Fail fast, fail hard, fail safe.

In test-driven software development, we write automated tests for all of our code. On a large project, the full test suite might take a while to run, so we run the tests which are most likely to fail earlier. That gives us important feedback sooner. Fail fast.

In Agile development, we plan to build the riskiest parts of the software first. If we’re writing Netflix, we prove that we can recommend movies well and interface with the mail fulfillment center first. If we fail early, we’ve got more time and more budget to try something else. Maybe we even need a different business model. If we fail after we’ve spent months on the login page and picking a shade of red for the background, we’ve wasted time and money.

  • Fail fast. Don’t waste time doing things you know are going to succeed but might end up being worthless. Do the riskiest thing first.

  • Fail hard. Give it to me straight, doc. If our business is going to fail, let’s really find out. If we break our current model hard enough, we might find a better one. If Netflix couldn’t get algorithms to recommend movies, they might have built a social network to let your friends recommend them.

  • Fail safe. Fail while failure is still an option. Fail before you promise people you won’t. Fail while you can get out alive. And always be looking for a backup plan, just in case.

This isn’t just for technology, and it’s not just for business. This is for writing a novel. This is for shooting a movie. This is is for anytime you take a risk with a due date.

3 Responses to “Fail fast, fail hard, fail safe.”

  1. I love it. This kind of agile thinking applies to my Think, Try, Learn work. When trying something new it’s all too easy to get caught up in getting it perfect. “Extreme Experimenting”? Good stuff, Peter.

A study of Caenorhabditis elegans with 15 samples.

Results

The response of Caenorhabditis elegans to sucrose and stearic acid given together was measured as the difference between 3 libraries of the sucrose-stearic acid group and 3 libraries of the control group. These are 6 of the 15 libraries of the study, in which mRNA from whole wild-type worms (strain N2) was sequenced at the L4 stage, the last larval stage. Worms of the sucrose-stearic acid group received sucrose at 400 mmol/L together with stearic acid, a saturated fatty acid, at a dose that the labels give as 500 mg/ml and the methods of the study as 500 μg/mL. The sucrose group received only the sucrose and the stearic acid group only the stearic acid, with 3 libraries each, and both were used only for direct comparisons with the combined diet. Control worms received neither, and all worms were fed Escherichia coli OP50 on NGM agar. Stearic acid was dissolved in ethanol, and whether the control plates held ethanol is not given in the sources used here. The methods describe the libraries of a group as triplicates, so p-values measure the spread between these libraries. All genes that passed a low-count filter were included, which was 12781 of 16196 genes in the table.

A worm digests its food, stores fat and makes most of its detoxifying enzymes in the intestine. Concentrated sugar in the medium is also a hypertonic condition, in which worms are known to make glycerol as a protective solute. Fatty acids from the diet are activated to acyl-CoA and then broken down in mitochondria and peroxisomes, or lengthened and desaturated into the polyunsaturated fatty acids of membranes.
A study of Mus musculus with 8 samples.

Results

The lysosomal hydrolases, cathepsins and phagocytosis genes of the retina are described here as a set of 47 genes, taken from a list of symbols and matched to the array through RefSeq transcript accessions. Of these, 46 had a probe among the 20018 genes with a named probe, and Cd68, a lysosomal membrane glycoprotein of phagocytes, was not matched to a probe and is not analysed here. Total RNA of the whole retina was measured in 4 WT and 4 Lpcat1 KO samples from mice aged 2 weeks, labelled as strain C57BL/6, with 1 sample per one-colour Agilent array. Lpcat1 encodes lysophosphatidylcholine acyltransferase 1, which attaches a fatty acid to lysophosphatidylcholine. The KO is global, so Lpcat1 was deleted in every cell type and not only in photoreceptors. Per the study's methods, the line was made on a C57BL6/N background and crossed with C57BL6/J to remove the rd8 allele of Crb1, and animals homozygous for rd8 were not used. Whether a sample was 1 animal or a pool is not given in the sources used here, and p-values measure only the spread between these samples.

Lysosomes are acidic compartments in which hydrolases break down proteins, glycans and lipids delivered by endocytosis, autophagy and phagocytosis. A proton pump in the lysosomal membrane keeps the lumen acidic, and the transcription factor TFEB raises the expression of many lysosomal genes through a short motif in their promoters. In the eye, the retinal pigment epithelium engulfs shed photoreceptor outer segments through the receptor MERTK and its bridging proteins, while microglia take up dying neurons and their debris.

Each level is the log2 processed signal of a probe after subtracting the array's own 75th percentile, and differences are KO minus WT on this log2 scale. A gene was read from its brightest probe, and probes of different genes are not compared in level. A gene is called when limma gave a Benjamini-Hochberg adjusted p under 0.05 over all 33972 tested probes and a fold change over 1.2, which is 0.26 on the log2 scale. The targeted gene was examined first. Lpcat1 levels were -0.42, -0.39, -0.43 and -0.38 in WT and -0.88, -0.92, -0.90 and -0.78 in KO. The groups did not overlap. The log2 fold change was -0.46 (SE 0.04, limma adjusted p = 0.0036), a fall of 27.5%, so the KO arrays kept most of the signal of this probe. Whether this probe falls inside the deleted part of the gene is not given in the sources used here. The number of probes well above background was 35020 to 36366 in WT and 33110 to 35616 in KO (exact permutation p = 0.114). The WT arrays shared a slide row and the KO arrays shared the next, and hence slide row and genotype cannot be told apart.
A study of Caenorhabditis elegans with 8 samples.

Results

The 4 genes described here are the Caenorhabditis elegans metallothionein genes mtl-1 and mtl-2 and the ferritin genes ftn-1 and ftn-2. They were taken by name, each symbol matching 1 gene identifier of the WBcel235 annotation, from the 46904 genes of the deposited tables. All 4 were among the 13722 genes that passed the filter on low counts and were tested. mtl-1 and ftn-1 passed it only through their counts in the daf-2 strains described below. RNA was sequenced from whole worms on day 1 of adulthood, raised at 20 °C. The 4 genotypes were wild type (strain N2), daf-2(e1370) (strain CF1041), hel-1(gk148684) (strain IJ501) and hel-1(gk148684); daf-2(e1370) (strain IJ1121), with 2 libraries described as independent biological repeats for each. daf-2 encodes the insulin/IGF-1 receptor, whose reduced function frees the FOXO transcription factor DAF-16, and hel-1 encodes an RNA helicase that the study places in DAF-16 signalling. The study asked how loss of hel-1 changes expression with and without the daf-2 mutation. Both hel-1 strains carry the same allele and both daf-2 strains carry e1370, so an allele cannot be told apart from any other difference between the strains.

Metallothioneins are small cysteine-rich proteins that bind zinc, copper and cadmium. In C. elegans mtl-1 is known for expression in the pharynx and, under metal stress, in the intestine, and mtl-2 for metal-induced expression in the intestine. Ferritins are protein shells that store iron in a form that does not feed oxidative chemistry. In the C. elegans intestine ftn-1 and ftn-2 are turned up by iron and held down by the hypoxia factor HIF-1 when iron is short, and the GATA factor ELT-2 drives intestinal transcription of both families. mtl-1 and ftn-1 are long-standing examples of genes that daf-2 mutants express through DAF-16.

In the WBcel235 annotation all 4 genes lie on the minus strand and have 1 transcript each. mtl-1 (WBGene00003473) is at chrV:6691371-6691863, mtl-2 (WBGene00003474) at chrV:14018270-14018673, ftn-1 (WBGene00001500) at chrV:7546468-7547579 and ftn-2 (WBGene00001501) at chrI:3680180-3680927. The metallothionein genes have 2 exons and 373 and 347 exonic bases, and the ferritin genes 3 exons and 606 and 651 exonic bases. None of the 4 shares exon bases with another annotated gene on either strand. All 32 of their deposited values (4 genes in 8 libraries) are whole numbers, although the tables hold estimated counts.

2. Mike R says:

    To me, it’s horse-hockey to say that the only way to find out “if something will work” is “to attempt to build it and then die trying.” If people built houses that way, there would be no houses.

    A far better approach is … “fail to plan, and you plan to fail; therefore, plan.” Houses are built scrupulously on-paper before a single foundation block is laid.

    (1) Instead of “fail fast,” don’t do things that “might be worthless.” Figure out whether they will be or not, before you do anything.

    (2) Instead of “fail hard,” figure out whether your model is going to fail and don’t build it at all if it won’t. Determine whether or not an algorithm can or cannot recommend a movie. Don’t “do” anything until you know whether it can or can’t.

    (3) Instead of “fail safe,” determine in advance whether failure is likely to occur and do not commence work if so. “Failure is never an option” to the guys who are forking out the dough. Don’t promise anything to anyone until you know you can deliver, and until you know exactly how long it will take.

    The premise of “Agile” (and “Extreme”) is that you can’t know the results until you try (and fail) to do them, and it is also that the folks who are shelling-out the cash to you are willing to do so indefinitely, even though they still don’t seem to have a house to live in. Trust me: they will start asking you, “HOW do you know?” And you’d better have an answer much better than “Real Soon Now… Trust Me.”